Market Liquidity


Junior member
13 0
First post... looks like a great forum, ended up seeing references to it from other websites about trading (mostly in blog comments and the like). After seeing a number of interesting threads, and after a quick search I can't find a definitive answer to my question - perhaps I'm just blind, or perhaps it's not there.

I know there are a thousand pages on the internet (and here) which talk about adding and removing liquidity... I understand in concept that adding liquidity is setting your buy price higher than the current bid, or your sell price lower than the current ask.


With the market makers / HFTs setting their bid/ask a mere 1 cent apart, how would one be able to do this? Placing a bid higher than the current bid, or an ask lower than the current ask, would be the same as a market order as it would be executed immediately.

Would one simply post an order using the same bid/ask price as is already in play (ie if the last order filled was 14.50, bid is 14.49 and ask is 14.50, then I place a buy at 14.49, or alternatively a sell at 14.50)?


8,655 981
In my view you would place your order the same as you have stated as that way you are not at risk of slippage that may happen with a market order.


Experienced member
1,223 277
and more on whether you actually want to be filled or not


Active member
126 12
Intereting. So, placing at the present ask/bid will add liquidity in your view. Appreciate your answer :)

If you a bid and ask within a penny, then it is pretty liquid.... Where you have to watch is when the spreads get further and further apart. Then it becomes less liquid.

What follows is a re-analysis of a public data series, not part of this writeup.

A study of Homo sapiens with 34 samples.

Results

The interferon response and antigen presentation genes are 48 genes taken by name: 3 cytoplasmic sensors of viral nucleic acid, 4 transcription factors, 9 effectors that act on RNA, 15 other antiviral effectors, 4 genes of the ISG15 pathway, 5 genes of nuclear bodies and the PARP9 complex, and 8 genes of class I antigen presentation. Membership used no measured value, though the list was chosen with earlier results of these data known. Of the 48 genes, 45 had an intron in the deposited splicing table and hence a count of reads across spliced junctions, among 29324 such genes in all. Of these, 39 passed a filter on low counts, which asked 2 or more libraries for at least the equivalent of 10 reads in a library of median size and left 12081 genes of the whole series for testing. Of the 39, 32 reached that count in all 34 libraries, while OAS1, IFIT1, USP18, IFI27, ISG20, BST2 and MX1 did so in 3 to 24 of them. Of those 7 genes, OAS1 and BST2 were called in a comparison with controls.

Liquid means being able to get in and out with out much trouble of being filled at the price I want, and I determine that based on the spread and volume.

There is always going to be a spread, that is how "the market" makes its money, just like a bookie, he gets the juice whether you win or lose.

Further apart the spread the more the trade will have to work out, because you already start in losing position, and how much you are losing is based on the spread.


Junior member
13 0
Sorry for the delay in getting back to this one.. hell at work lately, trading had to go on the backburner for a bit :(

Appreciate the further replies. I guess all I'm really looking for, is getting in on that juice the market maker is getting. Particularly since the broker that I'm looking to swap to (interactive brokers, still on the fence though) does credit those exchange credits to the customer.

Trader333, what did you mean by the sizing? I thought that adding or removing liquidity was exclusively in the price that you bid/ask at?


Active member
176 8
I guess all I'm really looking for, is getting in on that juice the market maker is getting.

That juice is not available to you. MM's have all sorts of advantages over you, me, and 99% of this board.

They are -

More capitalised than you
Deal on possible hidden price to you
have multi-years of experience over you
See much of the order flow, you'll see virtually none
Have faster computers than you, you're pushing a pram, they're driving F1 cars
Have far cheaper costs than you by as much as 99%
Have far cheaper leverage than you, possibly risk free
Have rebates available and so much more

Nobody has ever made a living as a market maker unless they are working for a big market making house or operating as a local down on the floor but there aren't many floors open anymore, perhaps a bit of options.